How to travel for three months with just a 40-litre backpack

by Maaike, 28 February 2018

Packing your bag for a long-term trip is hard. You’re tempted to bring a lot of stuff because you’re gone for a long time and you really need that electric foot file, inflatable pillow, Twinings Lady Grey tea, beauty case and mosquito net. Or do you now? You’ll be sweating like crazy, carrying all that stuff. You can leave a lot of things at home. And besides, if you forget something you can most likely buy it in most places on earth.

Oliver and I both purchased the Osprey Farpoint 40 backpack for our long-term travels. We asked some of our well-traveled friends how big their packs were, and most of them said they brought a big pack (60+ litre) and regretted it. They said that they ended up carrying stuff in their pack that they (almost) never used. Another point in favour of the Farpoint is that it can be carried on airplanes as hand-luggage. Avoiding extra airplane costs is always a big plus the way we see it!


Without further ado, this is what Oliver and I brought on our latest travels.

In our PacSafe waist wallet, which we always carried on our body:
Passport, cash money, mobile phone, copies of each others passport, a debit card and a credit card

Maaike’s Osprey Farpoint 40 bag:

  • 3 e-bags with clothes:
    • 4 normal underpants + 2 thongs
    • 1 IceBreaker Merino bra
    • 1 bikini
    • 3 pairs of Bridgedale merino socks
    • 1 sarong (used to enter temples; doubling as a blanket and beach towel)
    • 1 pair of sporty shorts (for casual wear; doubling as yoga and running shorts)
    • 2 IceBreaker sleeveless tops
  • 2 IceBreaker t-shirts
  • 1 IceBreaker base layer long-sleeve for colder nights
  • 1 fleece jumper for colder weather
  • Berghaus rainproof jacket
  • Raincover for the backpack
  • Pouch with power plug for iPhone/iPad and travel power plug
  • 1 pair of TeVa sandals
  • 1 pair of flip-flops
  • 1 baseball cap
  • Travelguide “Japan by Rail”
  • 1 dry-sack with:
  • bag with toiletries (all under 100ml):
    Lush shampoo bar (not liquid and lasts almost forever)
    • toothbrush + toothpaste
    • hair comb
    • Shower gel biodegradable
    • Laundry wash biodegradable
    • Day cream SPF 50
    • Night cream
    • Cleansing water
    • Cotton pads
    • Cotton swabs
    • Disposable razors
    • Tooth picks
    • Deoderant
    • Eyebrow pencil (the only makeup item!)
  • light-weight travel towel (for when accommodation is really basic)
  • iPad Pro + case
  • Kindle e-reader
  • Ray-ban Polaroid sunglasses
  • iWalk Spartan 13.000 mAh powerbank
  • Grid-it organiser with:
    • Internet banking security device
    • Charging cords for Android and iOS devices
    • Charging cord for Gitup camera
    • Converter for SD card to iPad
    • 10 liter daypack
    • small Moleskine notebook
    • travel padlock

zip-off long trousers (her only pair of long trousers!), an IceBreaker t-shirt and Merell hiking shoes.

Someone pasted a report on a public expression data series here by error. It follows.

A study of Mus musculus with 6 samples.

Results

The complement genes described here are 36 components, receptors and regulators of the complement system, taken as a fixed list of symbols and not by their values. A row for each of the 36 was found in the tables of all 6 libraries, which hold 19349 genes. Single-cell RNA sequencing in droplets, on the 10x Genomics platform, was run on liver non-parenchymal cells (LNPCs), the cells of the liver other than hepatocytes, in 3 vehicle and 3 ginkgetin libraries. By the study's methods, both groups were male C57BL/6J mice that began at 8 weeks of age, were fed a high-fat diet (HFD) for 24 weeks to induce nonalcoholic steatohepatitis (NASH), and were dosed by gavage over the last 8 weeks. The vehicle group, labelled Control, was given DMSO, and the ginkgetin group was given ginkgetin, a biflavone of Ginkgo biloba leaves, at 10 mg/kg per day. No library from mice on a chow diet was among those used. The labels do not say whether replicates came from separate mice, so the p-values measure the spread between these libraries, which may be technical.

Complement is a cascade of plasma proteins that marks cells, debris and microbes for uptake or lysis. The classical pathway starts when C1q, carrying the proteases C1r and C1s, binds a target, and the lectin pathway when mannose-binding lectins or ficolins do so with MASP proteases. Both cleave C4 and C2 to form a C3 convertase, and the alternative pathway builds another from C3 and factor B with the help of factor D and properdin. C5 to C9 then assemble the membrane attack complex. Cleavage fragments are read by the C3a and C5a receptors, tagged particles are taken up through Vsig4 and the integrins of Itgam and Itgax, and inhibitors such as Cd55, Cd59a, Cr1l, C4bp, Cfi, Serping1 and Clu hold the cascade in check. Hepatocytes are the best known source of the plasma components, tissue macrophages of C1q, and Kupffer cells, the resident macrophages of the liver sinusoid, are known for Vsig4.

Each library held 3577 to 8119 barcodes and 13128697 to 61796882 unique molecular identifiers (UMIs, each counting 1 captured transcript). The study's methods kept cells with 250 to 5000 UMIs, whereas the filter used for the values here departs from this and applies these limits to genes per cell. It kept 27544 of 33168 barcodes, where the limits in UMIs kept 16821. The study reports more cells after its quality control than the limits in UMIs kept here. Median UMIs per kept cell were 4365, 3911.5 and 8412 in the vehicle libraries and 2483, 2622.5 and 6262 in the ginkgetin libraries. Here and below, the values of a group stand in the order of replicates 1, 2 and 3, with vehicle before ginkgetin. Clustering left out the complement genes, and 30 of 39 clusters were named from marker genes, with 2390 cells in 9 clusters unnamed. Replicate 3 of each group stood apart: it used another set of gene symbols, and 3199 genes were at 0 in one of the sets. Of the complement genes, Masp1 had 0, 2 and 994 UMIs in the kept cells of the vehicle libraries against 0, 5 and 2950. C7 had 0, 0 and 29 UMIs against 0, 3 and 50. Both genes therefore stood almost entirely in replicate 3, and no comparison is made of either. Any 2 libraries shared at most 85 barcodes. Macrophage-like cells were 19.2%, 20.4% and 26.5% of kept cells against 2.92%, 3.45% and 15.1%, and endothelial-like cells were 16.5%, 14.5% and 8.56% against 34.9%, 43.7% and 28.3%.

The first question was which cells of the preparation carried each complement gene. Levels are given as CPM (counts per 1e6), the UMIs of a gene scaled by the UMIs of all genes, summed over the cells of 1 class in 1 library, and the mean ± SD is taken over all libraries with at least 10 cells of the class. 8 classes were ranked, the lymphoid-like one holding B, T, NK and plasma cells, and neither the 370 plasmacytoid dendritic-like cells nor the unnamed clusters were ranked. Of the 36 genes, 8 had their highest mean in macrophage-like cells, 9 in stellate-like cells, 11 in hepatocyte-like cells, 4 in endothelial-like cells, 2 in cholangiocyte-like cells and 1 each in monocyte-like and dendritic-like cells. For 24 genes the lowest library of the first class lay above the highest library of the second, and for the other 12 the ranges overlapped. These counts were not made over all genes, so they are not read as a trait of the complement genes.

Oliver’s Osprey bag:

  • first aid kit
  • Bag with medicine (paracetamol, malaria-pills, etc)
  • Toiletries bag
  • 3 e-cubes with his clothes
  • MacBook 12"
  • Travel guide south-east Asia
  • Pair of sandals
  • Pair of flip-flops
  • One box with 90 pairs of his prescription day-lenses
  • Kindle e-reader

bag1

bag1


The single pair of long trousers I was wearing proved to be a little too optimistic. When they needed to be washed I had a problem. Since we were traveling in dangerous area’s mosquito-wise, wearing long pants was advised. I bought a second pair of long trousers at Uniqlo in Bangkok and another one on a market in Ubud (Bali). One bra also wasn’t enough, so I bought another one in Bangkok. Otherwise, I’ve used all my clothes and didn’t have any more needs.

What could we have left at home?

I wish we had left the travel guides at home. We brought a Lonely Planet about south-east Asia and a trailblazer “Japan by Rail”. Nice books, of course, but they’re heavy. It’s better to just bring a digital version of travel guides and leave the paper ones at home.

Things we were really happy with

The MacBook we brought with us was amazing. We built the travel sensibly website on it, I typed most of the blog posts on it and we watched TV-series on it. It was also a liability of course, but the hassle of sometimes hiding it and bringing it along in our daypack was worth it.

We also both liked our Icebreaker clothes. It might seem odd to wear wool in warm climates, but in fact, it’s really good. It doesn’t soak up too much moisture and it takes a long time before it starts reeking of sweat. The downside of it is that you cannot bring it to a laundry service without giving extra instructions. Wool should not be washed at high temperatures and should not be put in the dryer. You also cannot iron it. Those extra instructions were sometimes hard to explain to people who didn’t speak English very well. So we often ended up washing it ourselves with the laundry detergent that we brought with us.

Overall, these 40-litre bags fit a surprising amount of stuff in them and are well worth buying. If you don’t mind packing minimalistic, you’ll love traveling with the Farpoint.